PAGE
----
Vitamin D deficiency accelerates atherosclerosis in type 1 diabetics

June 7, 2009

"Vitamin D deficiency is common worldwide and could be a novel risk factor for the development of coronary artery atherosclerosis," says Ramachandra B. Naik, MD, of the Barbara Davis Center for Childhood Diabetes, University of Colorado, Denver.

"Vitamin D deficiency is common worldwide and could be a novel risk factor forthe development of coronary artery atherosclerosis," says Ramachandra B. Naik, MD,of the Barbara Davis Center for Childhood Diabetes, University of Colorado,Denver.

Dr. Naik presented study results indicating that although vitamin D (25-OHD)deficiency is not increased among type 1 diabetes patients, a deficiency in thispatient population is associated with the initiation and acceleration of coronaryartery calcification.

Furthermore, researchers have identified vitamin D-receptor gene (VDR)polymorphisms that may be responsible for lower 25-OHD levels. "There is a growingbody of evidence to suggest that vitamin D deficiency with VDR polymorphism mayaccelerate atherosclerosis," Dr. Naik says.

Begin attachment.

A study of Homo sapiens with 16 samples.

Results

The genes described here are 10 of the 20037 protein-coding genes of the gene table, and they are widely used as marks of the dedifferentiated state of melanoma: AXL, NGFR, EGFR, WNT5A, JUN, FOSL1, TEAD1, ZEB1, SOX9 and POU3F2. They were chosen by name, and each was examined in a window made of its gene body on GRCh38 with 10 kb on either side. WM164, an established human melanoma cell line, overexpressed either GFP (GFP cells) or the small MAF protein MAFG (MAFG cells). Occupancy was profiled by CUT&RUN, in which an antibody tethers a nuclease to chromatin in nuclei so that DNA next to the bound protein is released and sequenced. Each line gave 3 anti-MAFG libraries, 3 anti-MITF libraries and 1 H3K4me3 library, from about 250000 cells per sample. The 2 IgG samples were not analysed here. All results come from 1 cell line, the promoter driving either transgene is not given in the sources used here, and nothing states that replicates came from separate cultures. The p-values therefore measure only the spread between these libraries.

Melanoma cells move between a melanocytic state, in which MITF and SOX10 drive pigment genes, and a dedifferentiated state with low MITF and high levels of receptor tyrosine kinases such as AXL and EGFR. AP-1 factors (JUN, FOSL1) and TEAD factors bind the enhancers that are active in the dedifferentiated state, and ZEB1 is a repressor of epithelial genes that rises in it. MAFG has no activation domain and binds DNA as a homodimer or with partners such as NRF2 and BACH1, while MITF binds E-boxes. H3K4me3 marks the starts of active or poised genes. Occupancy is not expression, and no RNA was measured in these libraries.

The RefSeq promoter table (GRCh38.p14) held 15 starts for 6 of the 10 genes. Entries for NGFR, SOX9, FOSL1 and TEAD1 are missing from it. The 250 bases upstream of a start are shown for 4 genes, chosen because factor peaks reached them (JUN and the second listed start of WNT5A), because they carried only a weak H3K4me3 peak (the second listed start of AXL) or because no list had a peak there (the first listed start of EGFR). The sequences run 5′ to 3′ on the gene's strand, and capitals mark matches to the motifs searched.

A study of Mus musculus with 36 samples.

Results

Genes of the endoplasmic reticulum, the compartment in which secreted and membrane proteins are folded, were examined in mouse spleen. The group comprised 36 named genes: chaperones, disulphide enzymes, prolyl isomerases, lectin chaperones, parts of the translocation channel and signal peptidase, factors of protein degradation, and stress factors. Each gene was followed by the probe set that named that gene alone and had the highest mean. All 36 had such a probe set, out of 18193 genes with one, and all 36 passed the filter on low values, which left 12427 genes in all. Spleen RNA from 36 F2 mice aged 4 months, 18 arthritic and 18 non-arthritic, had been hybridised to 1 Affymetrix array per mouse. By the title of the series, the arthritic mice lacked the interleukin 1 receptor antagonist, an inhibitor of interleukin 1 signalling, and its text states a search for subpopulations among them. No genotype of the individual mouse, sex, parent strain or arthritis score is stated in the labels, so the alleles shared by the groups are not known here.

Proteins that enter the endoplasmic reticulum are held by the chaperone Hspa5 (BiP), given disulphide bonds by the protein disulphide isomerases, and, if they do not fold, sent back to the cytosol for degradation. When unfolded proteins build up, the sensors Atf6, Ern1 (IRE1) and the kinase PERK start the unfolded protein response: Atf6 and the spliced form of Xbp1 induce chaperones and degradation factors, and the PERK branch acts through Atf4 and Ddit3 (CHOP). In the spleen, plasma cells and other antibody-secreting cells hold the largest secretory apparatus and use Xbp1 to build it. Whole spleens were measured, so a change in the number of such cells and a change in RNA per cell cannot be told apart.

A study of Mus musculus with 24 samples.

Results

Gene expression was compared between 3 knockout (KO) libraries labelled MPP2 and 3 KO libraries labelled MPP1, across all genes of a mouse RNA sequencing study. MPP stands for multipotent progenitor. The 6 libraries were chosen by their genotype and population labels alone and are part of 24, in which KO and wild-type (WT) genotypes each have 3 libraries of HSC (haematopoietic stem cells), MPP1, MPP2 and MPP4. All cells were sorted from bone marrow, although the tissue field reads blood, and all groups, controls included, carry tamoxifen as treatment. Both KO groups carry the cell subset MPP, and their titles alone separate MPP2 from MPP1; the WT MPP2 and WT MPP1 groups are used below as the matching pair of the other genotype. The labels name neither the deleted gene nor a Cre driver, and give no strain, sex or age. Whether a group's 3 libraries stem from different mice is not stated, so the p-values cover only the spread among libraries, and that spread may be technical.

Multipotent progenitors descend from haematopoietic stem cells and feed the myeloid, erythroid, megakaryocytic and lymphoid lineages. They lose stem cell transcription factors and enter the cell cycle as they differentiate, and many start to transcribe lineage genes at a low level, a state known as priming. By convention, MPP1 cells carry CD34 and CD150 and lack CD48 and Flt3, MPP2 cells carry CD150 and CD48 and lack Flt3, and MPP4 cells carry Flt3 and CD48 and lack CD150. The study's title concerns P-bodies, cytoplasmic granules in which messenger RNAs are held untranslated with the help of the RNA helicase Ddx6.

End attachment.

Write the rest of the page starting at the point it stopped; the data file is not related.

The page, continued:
Dr. Naik assessed vitamin D levels, VDR polymorphisms, and coronary arterycalcification in 375 patients with type 1 diabetes who participated in the CoronaryArtery Calcification in Type 1 Diabetes study. Measurements were taken at the 3-yearand 6-year study visits.

Patients had type 1 diabetes of at least 10 years' duration. Vitamin D deficiencywas defined as serum levels of 20 ng/mL or less, insufficiency was defined as levelsof 21 to 30 ng/mL or less, and a normal vitamin D level was greater than 30 ng/mL.Of the 375 patients, about 10% were deficient and 20 to 30% had vitamin Dinsufficiency.

"The TT phenotype of the Fok1 VDR is associated with significantly higher levelsof vitamin D deficiency, and vitamin D status was independent of the diabeticstate," says Dr. Naik.Dr. Naik found that vitamin D deficiency was an independent predictor for coronaryartery calcification identified at the 3-year visit (odds ratio [OR]=2.8;p=0.003). Other predictors were age, type 1 diabetes status, and male sex(OR=2.3, 2.6, and 2.7, respectively; p=0.001).

Vitamin D deficiency was also a significant predictor of progression of coronaryartery calcification between the 3- and 6-year assessments but only among patientsinitially free of calcification at 3 years (p=0.05), Dr. Naik reports.

"In other words, both VDR phenotype and vitamin D deficiency are risk factors foratherosclerosis," Dr. Naik says. He adds that glycemic control was not aninfluencing factor in this study.